2023 Helicopter Supported Wilderness Projects

information and photos released by North Cascades National Park Service Complex

Several projects with helicopter support will begin this season in the Stephen Mather Wilderness as snow levels recede. Time and distance of flights over and around wilderness will be minimized whenever possible. Flight dates are subject to change depending on weather and other safety factors.

For additional information, contact the National Park at 360-854-7302 or visit the website.

June and July: Bear Creek Fire Rehabilitation

Located in the northern section of North Cascades National Park on the Chilliwack River, the Bear Creek Camp area has been closed due to fire since July 30, 2021, and sections of the Copper Ridge and Brush Creek Trails will remain closed this year. This rehabilitation project will clear downed trees, repair trail treads, reestablish the collapsed trail, restore and improve drainage features, and build small, slope retaining features from onsite materials as needed. Two helicopter flights will be used to transport crew and materials to Indian Creek Camp as early as possible, sometime during June or early July, weather dependent. Use of the helicopter will facilitate safe access to the area allowing trail crew time to clear trail, repair tread, and accomplish annual maintenance. The work is expected to last 14-18 weeks in 2023 and possibly continue for several seasons. The area will reopen after completed repairs.

July:  Park Film (tentative dates July 17-21 or 24-28) 

Aerial filming for the new park film will occur over two days and four helicopter flights to capture the mountain peaks, glaciers, and valleys during summer when there is less snow. Filming will occur in July for the minimum amount of snow and to avoid wildfire smoke in August. The two days of flights will occur for 3 hours in early morning and 3 hours in late evening over most areas of the park complex. No helicopter landings in the park are planned.

July and August:  Mountain Goat Surveys 

Regional mountain goat surveys will be conducted by National Park Service (NPS), U.S. Forest Service, Washington Department of Fish and Wildlife, and several tribes across the North Cascades in late July through early August, when goats are most visible on their summer range. These surveys will use a helicopter to visually count the number of adult and young goats and collect spatial information about their habitat use.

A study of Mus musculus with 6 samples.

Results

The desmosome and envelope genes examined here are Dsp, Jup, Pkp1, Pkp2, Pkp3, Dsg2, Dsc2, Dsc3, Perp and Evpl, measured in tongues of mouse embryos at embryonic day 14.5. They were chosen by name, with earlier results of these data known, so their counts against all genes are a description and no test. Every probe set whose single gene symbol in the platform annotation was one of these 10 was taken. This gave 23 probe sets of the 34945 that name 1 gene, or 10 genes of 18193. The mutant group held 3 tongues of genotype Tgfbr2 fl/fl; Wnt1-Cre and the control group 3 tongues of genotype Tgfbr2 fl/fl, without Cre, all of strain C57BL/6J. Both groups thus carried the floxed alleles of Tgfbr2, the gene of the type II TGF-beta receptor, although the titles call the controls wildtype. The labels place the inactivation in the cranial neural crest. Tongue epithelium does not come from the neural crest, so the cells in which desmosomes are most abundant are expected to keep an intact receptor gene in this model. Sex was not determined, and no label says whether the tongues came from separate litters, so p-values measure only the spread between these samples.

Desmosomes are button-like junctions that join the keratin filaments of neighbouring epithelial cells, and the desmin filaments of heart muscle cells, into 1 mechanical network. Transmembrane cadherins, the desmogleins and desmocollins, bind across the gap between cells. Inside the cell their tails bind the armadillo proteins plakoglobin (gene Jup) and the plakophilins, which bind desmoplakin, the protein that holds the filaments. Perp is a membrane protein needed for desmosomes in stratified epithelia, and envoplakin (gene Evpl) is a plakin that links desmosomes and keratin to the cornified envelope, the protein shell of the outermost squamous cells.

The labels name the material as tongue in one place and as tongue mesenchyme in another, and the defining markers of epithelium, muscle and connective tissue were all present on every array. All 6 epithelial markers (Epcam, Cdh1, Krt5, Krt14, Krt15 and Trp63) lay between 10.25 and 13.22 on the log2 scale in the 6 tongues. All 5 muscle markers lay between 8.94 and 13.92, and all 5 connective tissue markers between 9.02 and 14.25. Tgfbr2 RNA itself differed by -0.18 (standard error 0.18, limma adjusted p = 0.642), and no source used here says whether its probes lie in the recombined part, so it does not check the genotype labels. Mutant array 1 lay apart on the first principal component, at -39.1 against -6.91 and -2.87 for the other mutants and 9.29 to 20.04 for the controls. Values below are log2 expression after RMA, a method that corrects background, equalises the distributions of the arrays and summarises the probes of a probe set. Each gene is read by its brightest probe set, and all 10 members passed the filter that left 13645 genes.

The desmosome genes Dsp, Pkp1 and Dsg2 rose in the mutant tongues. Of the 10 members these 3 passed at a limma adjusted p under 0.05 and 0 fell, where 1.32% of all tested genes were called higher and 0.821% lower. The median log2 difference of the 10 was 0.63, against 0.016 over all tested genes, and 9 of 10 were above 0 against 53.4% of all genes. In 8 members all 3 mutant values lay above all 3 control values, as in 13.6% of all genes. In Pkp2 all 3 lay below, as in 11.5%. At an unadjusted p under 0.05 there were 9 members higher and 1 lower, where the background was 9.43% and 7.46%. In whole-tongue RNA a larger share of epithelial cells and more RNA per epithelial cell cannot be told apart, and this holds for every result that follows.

Within North Cascades National Park Service Complex (NOCA), NPS is expecting to conduct surveys using approximately six helicopter flights of about 2 ½ hours each over the course of 3-5 days. Flights will be conducted on weekdays as weather allows, occurring primarily during morning hours when animals are most active. Survey altitude is expected to be between 1,000 and 3,000 feet above ground level, during which the helicopter will make slow passes along mountain slopes, and potentially hover to count animals at a range that will not disrupt their natural behavior. Count areas include high elevations across the park, generally in remote areas. No helicopter landings in the park are planned.

Mid-July: Radio Repeater Maintenance 

Helicopter flights to support radio maintenance and replacement of outdated equipment will occur to keep the park radio communications system operational. Four to six flights to Ruby and McGregor repeaters and two flights to Copper and Desolation repeater sites are possible.  Flights will be combined with other projects and the helicopter will remain on site during work when possible, to reduce flight numbers.  If needed, there will be one to two flights to Eldorado for toilet maintenance.

September: Mountain Lake Water Quality Monitoring (tentative dates September 5-7)   

Six mountain lakes at NOCA have been monitored annually through the North Coast and Cascades Network long-term ecological monitoring program since 2012. This program provides a robust and unique data set from mountain lake environments. Flights to transport researchers and haul equipment to two of these lakes, Easy Ridge and Lower Silent lakes, are required due to the technical nature of approaching them by foot. Three flights are required for this project; one for ingress into the primary lake, one to transfer crew and gear to a second lake, and the final flight for egress.

September: Mountain Lake Fishery Management (tentative dates September 11-13)   

In mid-September NPS resource management staff will conduct environmental DNA (eDNA) sampling and fish removal effectiveness monitoring at Firn, Doug’s Tarn, and Skymo lakes. Survey objectives are to determine the effectiveness of non-native fish removal activities at these historically fishless lakes, and to monitor the recovery of native amphibians. Up to six flights will be required for crew transport to and from these remote mountain lakes.

September: Long-term Glacier Monitoring  

Since 1993, the National Park Service has been monitoring the mass balance of four glaciers in North Cascades National Park:  Noisy, North Klawatti, Silver, and Sandalee. Field measurements of winter snow accumulation and summer melt occur twice annually in early spring and fall. From these measurements, annual changes in volume can be calculated providing insight into the glaciers’ health and their contribution to regional streamflow. Helicopters support transportation of scientists and monitoring equipment to these remote sites. Spring flights occur over a two-day period between late April and early May and a one-day fall flight will be required in late September.

Ongoing:  Helicopter flights by Seattle City Light may occur throughout the summer and fall in Ross Lake National Recreation Area as scientific studies continue for the Skagit River Hydropower Project Relicense. Although flights will not likely occur in wilderness, helicopter noise may be heard on and around Ross Lake.